San Diego's skyline is shown in this undated photo.
Milan Kovacevic
San Diego's skyline is shown in this undated photo.

People in government offices, businesses and schools throughout San Diego County stopped everything for a minute Thursday to "drop, cover and hold on" during a statewide earthquake preparedness drill, now in its 13th year.

The Great California ShakeOut of 2021 took place at 10:21 a.m.

"What we do to prepare now, before the next big earthquake, will determine how well we can survive and recover," according to a statement posted to "Great ShakeOut Earthquake drills are annual opportunities to learn and practice earthquake safety with millions of people."


The ShakeOut website indicated that 7.1 million Californians were slated to participate in the drill. During last year's event, which was virtual in most places because of the coronavirus public health lockdowns, about 6.5 million people statewide were registered to take part.

RELATED: San Diego County Updates Emergency App To Include Earthquake Warning System

The exercises began in 2008.

"Southern California is a seismically active region and the best thing we can do about that is be prepared and know what to do," said Jeff Toney, director of the San Diego County Office of Emergency Services.

"Secure items to minimize or avoid injuries. And download the county's SD Emergency app to enable ShakeReadySD, which could give you a few seconds warning to seek cover during significant shaking."


In San Diego County, 529,328 people registered for Thursday's drill. Municipalities on the list include Encinitas, National City, San Diego and Santee.

Parts of several other institutions also signed up, including the county libraries, Naval Base Coronado, Goodwill Industries of San Diego County and Salk Institute for Biological Studies.

Cal State San Marcos, Grossmont Cuyamaca Community College District, MiraCosta and Southwestern community colleges, UC San Diego and the University of San Diego also joined the drill.

Most kindergarten through 12th grade school districts countywide, along with private and charter schools, likely had students and staff participating.

Joyner Elementary principal Cara Kuchemba says the drill is important for both students and staff.

“In the event that an earthquake becomes a reality, it gives us a chance to practice with our students and prepare our teachers and students for the procedures they need to know in the event that we have to do them in real life,” Kuchemba said.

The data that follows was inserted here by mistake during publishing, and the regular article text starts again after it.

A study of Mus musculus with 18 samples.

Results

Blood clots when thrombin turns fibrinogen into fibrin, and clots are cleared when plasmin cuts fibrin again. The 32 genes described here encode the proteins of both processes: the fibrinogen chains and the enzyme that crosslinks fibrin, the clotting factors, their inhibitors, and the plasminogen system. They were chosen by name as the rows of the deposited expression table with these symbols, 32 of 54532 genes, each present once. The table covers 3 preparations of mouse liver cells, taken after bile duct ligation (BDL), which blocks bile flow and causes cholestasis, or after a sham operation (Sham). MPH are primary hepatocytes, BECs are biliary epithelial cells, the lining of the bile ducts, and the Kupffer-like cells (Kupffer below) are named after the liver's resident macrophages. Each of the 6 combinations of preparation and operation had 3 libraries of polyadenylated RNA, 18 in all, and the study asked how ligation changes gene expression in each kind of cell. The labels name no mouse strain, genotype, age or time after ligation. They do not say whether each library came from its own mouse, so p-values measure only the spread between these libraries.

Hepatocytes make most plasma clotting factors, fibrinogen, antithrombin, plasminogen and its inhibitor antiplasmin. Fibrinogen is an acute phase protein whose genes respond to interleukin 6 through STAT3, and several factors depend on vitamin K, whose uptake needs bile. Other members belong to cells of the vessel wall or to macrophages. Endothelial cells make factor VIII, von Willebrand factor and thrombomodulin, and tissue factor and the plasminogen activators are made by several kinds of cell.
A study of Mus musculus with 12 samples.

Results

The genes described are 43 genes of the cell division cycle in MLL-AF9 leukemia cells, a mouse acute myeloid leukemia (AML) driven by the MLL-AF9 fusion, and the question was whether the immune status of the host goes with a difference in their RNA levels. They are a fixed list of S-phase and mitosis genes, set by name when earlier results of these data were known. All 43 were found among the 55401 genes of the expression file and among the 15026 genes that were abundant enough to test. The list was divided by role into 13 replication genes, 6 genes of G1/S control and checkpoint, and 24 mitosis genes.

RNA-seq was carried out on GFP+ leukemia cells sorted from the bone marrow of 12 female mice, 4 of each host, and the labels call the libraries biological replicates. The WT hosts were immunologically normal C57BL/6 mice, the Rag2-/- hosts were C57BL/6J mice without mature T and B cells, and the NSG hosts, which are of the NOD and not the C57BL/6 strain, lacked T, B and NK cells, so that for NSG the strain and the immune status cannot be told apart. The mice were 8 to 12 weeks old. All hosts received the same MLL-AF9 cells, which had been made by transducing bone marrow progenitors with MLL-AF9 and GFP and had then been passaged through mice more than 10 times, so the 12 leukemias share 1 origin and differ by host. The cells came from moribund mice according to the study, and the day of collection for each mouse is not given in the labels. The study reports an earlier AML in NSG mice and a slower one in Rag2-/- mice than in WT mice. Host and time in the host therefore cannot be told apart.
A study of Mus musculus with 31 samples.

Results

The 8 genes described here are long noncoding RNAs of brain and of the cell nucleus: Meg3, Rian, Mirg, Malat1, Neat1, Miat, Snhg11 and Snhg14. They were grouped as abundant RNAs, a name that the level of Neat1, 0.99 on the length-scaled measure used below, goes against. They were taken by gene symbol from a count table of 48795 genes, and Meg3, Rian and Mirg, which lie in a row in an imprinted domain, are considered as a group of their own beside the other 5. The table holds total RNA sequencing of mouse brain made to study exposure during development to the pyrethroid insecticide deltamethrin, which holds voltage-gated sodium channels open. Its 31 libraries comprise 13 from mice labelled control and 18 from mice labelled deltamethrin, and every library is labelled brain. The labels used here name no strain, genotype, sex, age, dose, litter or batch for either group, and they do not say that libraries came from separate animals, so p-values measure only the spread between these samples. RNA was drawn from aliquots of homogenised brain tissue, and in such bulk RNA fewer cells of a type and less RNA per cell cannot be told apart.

According to, the objective is to emphasize precautions during a 7.8-magnitude or larger quake along the southernmost portion of the San Andreas Fault.

Officials say that such a tectonic shift could produce waves of movement for hundreds of miles, over four minutes. According to the U.S. Geological Survey, some 2,000 people would die, tens of thousands would be injured and more than $200 billion in damage would result.

The cataclysm would have 50 times the intensity of the Jan. 17, 1994, Northridge earthquake, which had a magnitude of 6.7.

Hundreds of aftershocks would ensue — a few of them nearly as big as the original quake, according to the USGS.

RELATED: California Geological Survey Releases New Maps Of Fault Line In San Diego

Shakeout Drill Reminds Californians Of Earthquake Preparedness

In 2019, the drill came just over three months after the early July quakes that struck Ridgecrest in Kern County. The 6.4- and 7.1-magnitude shakers caused significant damage to roads and structures in the hamlet, which lies just south of the China Lake Naval Air Weapons Station.

Californians should be prepared to be self-sufficient for 72 hours following a major disaster. That includes having a first-aid kit, medications, food and enough water for each member of a household to drink one gallon per day, according to local and state officials.

Homeowners and renters should also know how to turn off the gas in their residences in case of leaks.